Employees who work at small, locally owned businesses have the highest level of loyalty to their employers, with rural workers’ commitment based more on size and ownership of the company than job satisfaction, according to researchers at Baylor University.
“While large firms tend to provide higher earnings and more fringe benefits, there are still practical values of small and local businesses, including benefits to the community and to the individual, such as less income inequality, less population turnover, lower crime and more committed workers,” Katie Halbesleben, lead author of the study and doctoral student in Baylor’s department of sociology, stated in a press release. “When it comes to your job, it is usually not just one thing that affects your commitment. You may say ‘I like my boss’ or ‘I am satisfied with what I do.’ Our study re-affirms that working for a small and local company is also an important factor that contributes to a worker’s commitment.”
Research findings are based on analysis of data from the Baylor Religion Survey, a nationally representative sample of 1,714 adults that includes information on workers’ attitudes, beliefs and practices. The survey was conducted by the Gallup Organization in 2010. Researchers analyzed data from 763 participants who had full- or part-time jobs, as well as a subset of 146 workers living in a rural area.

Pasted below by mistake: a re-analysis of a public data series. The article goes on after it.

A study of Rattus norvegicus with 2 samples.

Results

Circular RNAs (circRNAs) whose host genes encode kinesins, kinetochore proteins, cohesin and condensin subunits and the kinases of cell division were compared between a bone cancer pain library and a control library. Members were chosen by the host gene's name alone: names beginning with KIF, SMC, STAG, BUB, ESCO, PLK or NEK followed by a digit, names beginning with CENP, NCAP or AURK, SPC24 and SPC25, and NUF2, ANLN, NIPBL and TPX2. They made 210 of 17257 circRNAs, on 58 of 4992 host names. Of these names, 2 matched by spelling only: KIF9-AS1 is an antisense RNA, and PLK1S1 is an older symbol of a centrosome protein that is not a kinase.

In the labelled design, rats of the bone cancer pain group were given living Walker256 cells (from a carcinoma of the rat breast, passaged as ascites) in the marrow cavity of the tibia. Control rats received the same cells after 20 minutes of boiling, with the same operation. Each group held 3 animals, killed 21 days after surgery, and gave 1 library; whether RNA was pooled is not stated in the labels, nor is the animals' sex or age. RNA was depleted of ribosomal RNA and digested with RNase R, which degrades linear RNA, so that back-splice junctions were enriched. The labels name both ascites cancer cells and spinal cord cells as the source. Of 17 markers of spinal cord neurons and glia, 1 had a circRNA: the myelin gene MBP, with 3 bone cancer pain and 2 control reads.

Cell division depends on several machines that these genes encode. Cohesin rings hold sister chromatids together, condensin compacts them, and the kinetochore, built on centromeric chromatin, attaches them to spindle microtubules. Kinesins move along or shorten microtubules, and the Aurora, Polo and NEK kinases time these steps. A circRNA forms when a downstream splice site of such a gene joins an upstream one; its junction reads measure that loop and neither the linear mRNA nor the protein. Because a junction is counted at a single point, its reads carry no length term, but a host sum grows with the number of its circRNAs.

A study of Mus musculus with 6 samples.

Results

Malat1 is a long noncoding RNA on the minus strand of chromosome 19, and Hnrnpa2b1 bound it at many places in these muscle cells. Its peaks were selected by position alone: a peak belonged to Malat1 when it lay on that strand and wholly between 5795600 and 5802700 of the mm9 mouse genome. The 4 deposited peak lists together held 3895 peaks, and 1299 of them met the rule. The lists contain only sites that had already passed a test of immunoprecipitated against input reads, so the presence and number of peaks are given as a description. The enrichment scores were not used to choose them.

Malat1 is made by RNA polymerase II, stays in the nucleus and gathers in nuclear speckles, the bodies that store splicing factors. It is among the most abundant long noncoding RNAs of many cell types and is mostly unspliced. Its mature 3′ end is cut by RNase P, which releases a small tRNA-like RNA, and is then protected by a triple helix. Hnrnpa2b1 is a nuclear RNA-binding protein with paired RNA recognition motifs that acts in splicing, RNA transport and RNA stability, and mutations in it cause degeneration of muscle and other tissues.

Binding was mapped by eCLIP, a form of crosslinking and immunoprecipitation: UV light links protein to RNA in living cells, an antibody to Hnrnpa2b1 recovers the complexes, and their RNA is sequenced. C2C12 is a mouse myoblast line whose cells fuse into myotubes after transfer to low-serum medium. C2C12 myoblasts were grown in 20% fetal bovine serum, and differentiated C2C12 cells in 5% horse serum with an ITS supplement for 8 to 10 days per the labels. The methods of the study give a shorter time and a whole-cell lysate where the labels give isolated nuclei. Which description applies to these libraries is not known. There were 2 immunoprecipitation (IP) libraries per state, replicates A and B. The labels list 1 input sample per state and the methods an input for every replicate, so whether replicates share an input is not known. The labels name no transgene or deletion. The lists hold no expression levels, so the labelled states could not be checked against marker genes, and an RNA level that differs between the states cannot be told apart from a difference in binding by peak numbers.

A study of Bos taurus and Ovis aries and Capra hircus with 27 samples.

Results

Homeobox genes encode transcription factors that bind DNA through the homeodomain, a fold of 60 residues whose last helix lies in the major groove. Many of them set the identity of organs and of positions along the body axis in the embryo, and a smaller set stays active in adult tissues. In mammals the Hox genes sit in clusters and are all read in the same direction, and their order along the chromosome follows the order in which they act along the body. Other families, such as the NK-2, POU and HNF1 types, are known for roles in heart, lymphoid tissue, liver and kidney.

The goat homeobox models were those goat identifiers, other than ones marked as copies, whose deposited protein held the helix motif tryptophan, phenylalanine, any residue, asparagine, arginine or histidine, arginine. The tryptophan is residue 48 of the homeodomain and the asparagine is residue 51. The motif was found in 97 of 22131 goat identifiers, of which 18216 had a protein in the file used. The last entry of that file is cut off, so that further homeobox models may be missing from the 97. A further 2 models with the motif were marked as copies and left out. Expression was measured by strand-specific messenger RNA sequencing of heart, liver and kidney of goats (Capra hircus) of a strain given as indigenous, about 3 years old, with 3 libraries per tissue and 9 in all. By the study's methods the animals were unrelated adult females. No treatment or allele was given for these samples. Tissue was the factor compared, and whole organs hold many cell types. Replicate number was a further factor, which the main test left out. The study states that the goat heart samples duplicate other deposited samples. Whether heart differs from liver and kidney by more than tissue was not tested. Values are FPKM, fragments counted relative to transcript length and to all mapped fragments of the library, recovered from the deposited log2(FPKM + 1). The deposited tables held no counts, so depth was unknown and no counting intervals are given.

Small companies were defined as those with 1 employee to 49 employees, with all others categorized as large businesses. Among variables relating to work conditions were hours worked the prior week and job satisfaction.
The study showed that 57.2% of workers in a small firm scored in the highest commitment category, compared to 40.5% working for a large firm. Ownership of the company also played a major role, with 56% of workers in locally owned firms having high commitment scores, compared to 38.7% in non-locally owned firms. Commitment was strongest when individuals worked for a company that was both small and locally owned: 61.4% of those employed at such a business scored in the highest commitment category as opposed to 46.7% for large, local businesses.
For more information:
Halbesleben K. Local Economy. 2014;doi:10.1177/0269094214556980.
Disclosure: Funding for the study was provided by USDA National Institute for Food and Agriculture and USDA National Research Initiative.